Smeding spends the extra time to internally balance all of their big-block Chevy assemblies. This makes it possible for the end user to easily adapt the correct flywheel and balancers.
The crankshaft is a 4.250-inch stroke, 4340 forged steel unit that is nitrated and internally balanced. The lightening holes in the journal are drilled before the crank is heat-treated so that no part of the crank goes untouched. Smeing uses only 270 degree rod and main bearings for optimum lubrication.
The 4340 forged H-beam connecting rods are 6.535-inch long, and incorporate ARP 7/16 cap bolts along with forged Ross Pistons with Total Seal moly rings.
Racing Head Service (RHS) Pro Action #11002 aluminum cylinder heads come with 2.300-inch intake and 1.880-inch exhaust valves. Intake port volume is 360cc, exhaust ports, which are raised .500-inch, have a volume of 135cc. Smeding reshaped the combustion chambers, outwardly opening them up to take full advantage of the monster 4.630 cylinder bore. Once the grinding was done, the heads were milled .025-inch, bringing the chambers back down to a pump gas-friendly 9.9:1 compression ratio. The combustion chambers are now 118cc (just slightly lower then the advertised 119cc size from RHS). While the heads came pre-assembled, Smeding, like any engine builder worth his dyno numbers, completely disassembled the check spring heights and pressures. Smeding set the spring pressures on the Comp beehive springs to their preferred closed seat pressure of 125 pounds, and opened seat pressure (at .600-inch of lift) of 340 pounds.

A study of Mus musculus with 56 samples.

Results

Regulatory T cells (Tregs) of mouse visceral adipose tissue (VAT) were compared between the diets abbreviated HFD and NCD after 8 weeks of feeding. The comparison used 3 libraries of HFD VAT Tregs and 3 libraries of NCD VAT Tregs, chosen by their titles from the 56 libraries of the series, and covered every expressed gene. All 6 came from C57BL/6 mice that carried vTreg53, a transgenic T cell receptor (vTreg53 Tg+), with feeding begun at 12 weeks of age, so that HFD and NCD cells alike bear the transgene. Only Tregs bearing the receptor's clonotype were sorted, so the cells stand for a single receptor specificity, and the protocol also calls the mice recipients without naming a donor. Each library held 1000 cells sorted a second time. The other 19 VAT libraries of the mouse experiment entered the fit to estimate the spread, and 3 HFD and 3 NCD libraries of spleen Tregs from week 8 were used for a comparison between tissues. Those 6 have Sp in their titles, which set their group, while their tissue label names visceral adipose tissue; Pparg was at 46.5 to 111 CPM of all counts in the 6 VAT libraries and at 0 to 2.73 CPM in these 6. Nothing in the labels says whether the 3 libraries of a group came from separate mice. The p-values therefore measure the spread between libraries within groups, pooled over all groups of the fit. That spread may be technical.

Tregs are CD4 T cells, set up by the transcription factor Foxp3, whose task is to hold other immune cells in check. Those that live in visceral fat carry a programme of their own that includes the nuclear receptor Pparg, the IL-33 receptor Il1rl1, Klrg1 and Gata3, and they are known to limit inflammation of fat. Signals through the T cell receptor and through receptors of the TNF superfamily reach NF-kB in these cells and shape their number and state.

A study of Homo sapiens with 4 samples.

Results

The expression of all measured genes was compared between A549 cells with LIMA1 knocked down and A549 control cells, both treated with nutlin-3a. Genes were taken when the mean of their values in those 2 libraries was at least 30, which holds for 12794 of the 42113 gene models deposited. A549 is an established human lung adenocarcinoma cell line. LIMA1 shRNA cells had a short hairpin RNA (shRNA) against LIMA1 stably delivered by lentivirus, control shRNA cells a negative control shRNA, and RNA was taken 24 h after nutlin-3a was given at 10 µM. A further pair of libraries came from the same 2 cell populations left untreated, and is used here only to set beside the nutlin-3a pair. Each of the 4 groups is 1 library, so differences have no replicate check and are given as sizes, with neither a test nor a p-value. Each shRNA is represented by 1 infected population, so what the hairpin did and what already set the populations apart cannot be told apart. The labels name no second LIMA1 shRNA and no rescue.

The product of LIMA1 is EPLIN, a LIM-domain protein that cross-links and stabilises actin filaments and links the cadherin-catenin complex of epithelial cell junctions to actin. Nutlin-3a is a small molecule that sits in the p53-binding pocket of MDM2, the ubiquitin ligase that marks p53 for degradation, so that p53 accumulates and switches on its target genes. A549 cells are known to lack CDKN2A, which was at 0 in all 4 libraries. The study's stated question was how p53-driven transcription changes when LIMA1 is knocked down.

With all the machine work completed, the crank balanced, pistons and rods weighed and assembled...
...the short-block assembly went together without a hitch. And we were nearly ready for the top end build.
Smeding chose a Comp Cams hydraulic roller stick, ground to Smeding's specs of .613-inch lift (on both intake and exhaust), duration at .050-inch for intake of 248 degrees and 258 degrees for exhaust. Smeding orders its cams for a late-model engine, so they come with a stepped nose. This allows for the easy use of a thrust plate; no need to mess with thrust buttons to stop camshaft walk.
Comp's extra-large, heavy duty adjustable single roller timing chain assembly was used.